All iPhone Users Warned to Update Device Now Amid 3 Major Security Threats
Don't wait for your phone to update automatically, experts warn.
Apple makes it pretty simple to update your devices via the automatic updates feature. Once you have the option on, your iPhone installs new software on its own—typically during the night while you're sleeping—as long as it's connected to WiFi and charging. But in light of three new security threats, iPhone users are urged to take initiative and update their devices immediately. Read on to find out why you shouldn't want for your device to update itself.
According to Forbes, both iPhone and iPad users must update their devices to the latest software, iOS 16.5. Three major security threats are addressed in the update, all of which are "zero-day" threats. According to McAfee, a "zero-day" is an attack that the occurs before or on the same day that the manufacturer is made aware of the vulnerability—meaning they had "zero days" to address it.
By Forbes' estimates, over 1 billion iPhone and iPad users could be impacted—and Apple confirmed it received reports that each threat "may have been actively exploited."
The three zero-days affect all iPhone users with an iPhone 8 or later model. The threats also impact all iPad Pro models; iPad Air models from the 3rd generation on; iPad models from the 5th generation on; and iPad Mini from the 5th generation on, per Apple.
If you're unsure which iPhone or iPad model you have, go to Settings, then General, then About, where you'll find your model name and number listed.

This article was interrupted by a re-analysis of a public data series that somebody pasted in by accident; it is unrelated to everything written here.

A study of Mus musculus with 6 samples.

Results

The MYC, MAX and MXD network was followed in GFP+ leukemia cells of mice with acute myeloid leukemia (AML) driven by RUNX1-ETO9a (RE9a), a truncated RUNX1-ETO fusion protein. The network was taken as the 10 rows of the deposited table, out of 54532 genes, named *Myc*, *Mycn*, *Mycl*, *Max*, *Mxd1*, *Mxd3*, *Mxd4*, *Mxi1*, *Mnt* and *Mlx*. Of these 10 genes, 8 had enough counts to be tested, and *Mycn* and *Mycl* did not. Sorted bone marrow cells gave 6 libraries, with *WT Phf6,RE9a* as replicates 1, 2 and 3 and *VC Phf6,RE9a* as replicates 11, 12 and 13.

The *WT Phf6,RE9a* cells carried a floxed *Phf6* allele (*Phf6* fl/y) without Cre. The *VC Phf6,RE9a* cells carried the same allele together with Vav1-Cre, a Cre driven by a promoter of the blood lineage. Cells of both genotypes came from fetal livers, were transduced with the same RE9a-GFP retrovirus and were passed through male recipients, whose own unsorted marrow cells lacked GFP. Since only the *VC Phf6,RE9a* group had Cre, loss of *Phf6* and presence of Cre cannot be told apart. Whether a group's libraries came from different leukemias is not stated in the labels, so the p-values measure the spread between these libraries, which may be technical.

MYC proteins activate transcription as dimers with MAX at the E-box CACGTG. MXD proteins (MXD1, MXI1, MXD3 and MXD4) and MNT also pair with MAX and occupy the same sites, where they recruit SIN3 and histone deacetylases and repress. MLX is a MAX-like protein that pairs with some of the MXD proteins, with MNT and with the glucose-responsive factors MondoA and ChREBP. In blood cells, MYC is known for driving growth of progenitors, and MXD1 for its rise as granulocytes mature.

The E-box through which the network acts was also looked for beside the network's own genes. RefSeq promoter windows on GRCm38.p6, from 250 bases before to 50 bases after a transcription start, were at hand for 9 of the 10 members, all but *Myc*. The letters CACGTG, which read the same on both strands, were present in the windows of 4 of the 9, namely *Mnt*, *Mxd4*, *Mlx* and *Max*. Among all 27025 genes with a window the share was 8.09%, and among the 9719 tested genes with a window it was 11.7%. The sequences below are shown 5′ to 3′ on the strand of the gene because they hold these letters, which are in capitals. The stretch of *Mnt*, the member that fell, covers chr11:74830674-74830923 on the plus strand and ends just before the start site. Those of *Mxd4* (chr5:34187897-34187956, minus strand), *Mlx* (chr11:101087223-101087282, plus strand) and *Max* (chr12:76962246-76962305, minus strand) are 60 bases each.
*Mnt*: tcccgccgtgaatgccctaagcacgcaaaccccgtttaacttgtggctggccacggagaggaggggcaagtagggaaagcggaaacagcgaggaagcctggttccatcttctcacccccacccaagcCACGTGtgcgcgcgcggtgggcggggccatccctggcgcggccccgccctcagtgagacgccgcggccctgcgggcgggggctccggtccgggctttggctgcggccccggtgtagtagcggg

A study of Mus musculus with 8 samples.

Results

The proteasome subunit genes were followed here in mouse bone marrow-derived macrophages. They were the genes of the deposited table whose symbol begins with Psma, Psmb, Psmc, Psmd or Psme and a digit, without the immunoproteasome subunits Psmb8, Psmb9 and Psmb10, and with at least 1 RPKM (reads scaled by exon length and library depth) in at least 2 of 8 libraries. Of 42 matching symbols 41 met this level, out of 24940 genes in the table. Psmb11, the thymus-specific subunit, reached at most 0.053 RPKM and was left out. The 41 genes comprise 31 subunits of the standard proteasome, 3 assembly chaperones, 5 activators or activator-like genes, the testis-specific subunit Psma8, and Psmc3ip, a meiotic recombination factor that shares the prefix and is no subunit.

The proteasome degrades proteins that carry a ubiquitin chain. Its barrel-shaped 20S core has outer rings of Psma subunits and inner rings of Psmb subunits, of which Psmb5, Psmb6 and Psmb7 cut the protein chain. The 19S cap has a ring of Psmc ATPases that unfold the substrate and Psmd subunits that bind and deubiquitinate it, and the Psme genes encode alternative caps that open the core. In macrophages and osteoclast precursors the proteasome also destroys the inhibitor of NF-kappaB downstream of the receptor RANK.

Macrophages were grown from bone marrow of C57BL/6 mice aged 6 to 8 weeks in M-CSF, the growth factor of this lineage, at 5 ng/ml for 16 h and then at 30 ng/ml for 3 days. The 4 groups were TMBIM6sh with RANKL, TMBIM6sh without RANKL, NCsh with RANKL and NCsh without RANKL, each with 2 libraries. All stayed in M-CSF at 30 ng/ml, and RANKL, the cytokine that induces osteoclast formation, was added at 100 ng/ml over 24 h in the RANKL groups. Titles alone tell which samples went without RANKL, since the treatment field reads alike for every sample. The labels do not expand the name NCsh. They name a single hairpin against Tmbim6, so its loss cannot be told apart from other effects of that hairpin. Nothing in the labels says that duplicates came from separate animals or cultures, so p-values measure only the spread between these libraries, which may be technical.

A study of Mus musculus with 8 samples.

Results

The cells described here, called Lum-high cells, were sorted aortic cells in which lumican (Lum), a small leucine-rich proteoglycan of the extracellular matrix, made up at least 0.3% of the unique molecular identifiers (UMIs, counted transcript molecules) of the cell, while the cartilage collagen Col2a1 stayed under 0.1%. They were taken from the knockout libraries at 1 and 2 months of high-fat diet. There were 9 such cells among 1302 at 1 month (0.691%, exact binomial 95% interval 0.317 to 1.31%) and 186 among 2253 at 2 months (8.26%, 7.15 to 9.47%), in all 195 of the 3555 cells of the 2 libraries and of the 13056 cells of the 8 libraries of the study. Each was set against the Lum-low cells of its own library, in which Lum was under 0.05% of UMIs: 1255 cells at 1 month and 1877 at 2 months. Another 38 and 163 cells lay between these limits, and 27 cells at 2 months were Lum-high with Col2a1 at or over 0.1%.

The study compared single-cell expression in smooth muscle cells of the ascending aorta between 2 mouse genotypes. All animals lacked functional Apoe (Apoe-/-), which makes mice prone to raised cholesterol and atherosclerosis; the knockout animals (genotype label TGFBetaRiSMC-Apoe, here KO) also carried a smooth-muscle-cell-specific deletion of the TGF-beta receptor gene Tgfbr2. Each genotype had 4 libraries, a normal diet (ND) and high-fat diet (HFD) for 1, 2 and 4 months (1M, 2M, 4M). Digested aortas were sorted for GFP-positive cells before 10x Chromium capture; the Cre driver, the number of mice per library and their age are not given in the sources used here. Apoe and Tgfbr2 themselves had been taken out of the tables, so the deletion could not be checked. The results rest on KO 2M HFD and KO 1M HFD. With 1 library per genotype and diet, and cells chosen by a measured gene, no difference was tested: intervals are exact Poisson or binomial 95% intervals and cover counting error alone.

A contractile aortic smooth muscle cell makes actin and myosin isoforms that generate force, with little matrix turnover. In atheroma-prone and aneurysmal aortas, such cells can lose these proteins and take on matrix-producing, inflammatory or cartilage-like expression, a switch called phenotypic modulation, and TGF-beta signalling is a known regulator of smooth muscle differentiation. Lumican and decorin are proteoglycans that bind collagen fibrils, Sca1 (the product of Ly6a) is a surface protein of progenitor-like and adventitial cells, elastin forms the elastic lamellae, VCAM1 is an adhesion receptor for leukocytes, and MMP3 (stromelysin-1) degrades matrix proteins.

Your personal information could be in jeopardy.
Forbes reported that the zero-days are just three of 39 vulnerabilities addressed in the update—and according to Sean Wright, principal application security engineer at Featurespace, this "mixed bag of vulnerabilities" could have "quite severe impacts if an attacker were able to successfully exploit them."
Wright added that when some of these vulnerabilities are "chained together," a bad actor could gain full remote control of your device.
However, he's the most concerned about the zero-days, which are related to WebKit, the browser used to power the Safari search engine. According to Apple, the vulnerabilities can put your sensitive information at risk or introduce malicious web content.
As the WebKit vulnerabilities are already "being exploited in the wild," Wright told Forbes they're "the ones that I would be concerned about."
Don't panic—just update your device.
Wright recommends that you update your device when you can, but also stressed that the average user might not be in as much danger.
"There's no reason to panic about these vulnerabilities either," he said. "They will likely be targeted vulnerabilities, targeting high profile users such as media, politicians, etc."
You can easily update your advice by going to Settings, General, then clicking Software Update.
The update has some positive new features, too.
In addition to keeping your device and information protected, iOS 16.5 also offers some unique new features.
Sports fans will enjoy the update, as there's a Sports coverage tab in the Apple News app, allowing you to get the latest updates even quicker. Apple also rolled out game pages, where you can find details about specific sporting events.
In honor of Pride Month, which occurs every June, Apple is offering a new Pride Celebration wallpaper, which you can use as your lock screen "to honor the LGBTQ+ community and culture."
The update also addresses issues where Podcasts may not load through Apple CarPlay, issues with the Spotlight search feature, and complications where Screen Time settings reset or fail to sync across your Apple devices.